John and Gerry's    Orchids of Britain and Europe
Home Back to Ophrys species Links

                                  Ophrys atlantica

O. atlantica was first described by Munby from the Atlas mountains of Algeria in 1856 and its name literally means "from the Atlas". This is the single member species of the O. atlantica group and it occurs only in  Algeria, Morocco and the Andalucia region of Spain, beings rare in all three countries. Until recently this orchid was known as O. fusca ssp durieui,  a synonym still in common usage.
This species is unusual amongst the Pseudophrys in being highly distinctive and virtually impossible to confuse with any other taxon. The most prominent of its distinguishing characteristics is the curvature of the lip, a   feature that grows progressively more exaggerated with age. This can be observed from the illustrations where picture 7 depicts a newly opened flower and 8 an older plant in advanced anthesis. Interestingly this strong curvature is a trait shared with O. bertolonii and is almost certainly an adaptation to accommodate the arching abdomen of their mutual pollinator Chalicodama parientina.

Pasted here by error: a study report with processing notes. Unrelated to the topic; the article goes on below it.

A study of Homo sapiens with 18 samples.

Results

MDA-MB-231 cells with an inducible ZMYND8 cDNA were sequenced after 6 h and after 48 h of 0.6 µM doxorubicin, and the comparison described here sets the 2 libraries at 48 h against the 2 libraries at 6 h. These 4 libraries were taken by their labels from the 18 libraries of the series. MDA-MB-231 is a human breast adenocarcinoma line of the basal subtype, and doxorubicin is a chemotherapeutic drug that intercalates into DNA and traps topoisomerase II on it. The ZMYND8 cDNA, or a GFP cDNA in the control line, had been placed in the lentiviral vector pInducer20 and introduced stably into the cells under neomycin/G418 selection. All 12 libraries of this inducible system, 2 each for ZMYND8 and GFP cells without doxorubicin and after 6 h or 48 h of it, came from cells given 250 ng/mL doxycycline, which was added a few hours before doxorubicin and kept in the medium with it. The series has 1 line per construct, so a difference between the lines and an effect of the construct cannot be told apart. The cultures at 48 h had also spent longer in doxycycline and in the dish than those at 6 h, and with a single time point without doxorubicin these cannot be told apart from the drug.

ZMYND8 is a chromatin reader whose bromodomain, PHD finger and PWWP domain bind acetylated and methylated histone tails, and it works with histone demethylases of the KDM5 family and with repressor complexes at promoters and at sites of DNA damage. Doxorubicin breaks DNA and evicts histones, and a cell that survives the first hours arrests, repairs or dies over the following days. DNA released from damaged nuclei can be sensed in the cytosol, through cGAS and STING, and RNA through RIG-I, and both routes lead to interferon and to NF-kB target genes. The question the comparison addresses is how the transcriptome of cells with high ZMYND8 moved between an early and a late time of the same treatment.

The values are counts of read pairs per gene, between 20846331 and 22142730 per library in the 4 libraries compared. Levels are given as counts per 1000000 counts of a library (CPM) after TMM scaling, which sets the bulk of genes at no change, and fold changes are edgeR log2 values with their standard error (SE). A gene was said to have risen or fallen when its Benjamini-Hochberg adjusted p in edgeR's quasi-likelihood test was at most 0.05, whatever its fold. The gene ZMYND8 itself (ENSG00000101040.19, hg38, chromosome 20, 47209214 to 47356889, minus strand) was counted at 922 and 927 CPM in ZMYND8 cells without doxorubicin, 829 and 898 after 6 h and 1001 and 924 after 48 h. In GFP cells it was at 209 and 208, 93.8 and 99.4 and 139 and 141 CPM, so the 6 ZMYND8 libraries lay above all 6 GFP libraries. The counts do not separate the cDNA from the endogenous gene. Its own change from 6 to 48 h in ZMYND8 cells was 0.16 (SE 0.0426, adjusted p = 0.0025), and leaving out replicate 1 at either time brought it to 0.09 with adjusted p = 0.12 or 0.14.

A second notable characteristic of O. atlantica is the length of the petals which are significantly longer than those of most other Pseudophrys. Although a species tolerating a wide range of habitats, its preference is for dry conditions in lightly shaded pine woodland. Altitude does not appear to be of great importance, growing quite happily in both lowland areas and elevations up to about 1500 metres.
The pictures here are all from a mountainous region in the Spanish Province of Malaga and date from the 16th of April, at which time many of the plants were well past their best. At lower altitudes O. atlantica would be in full flower by the beginning of April.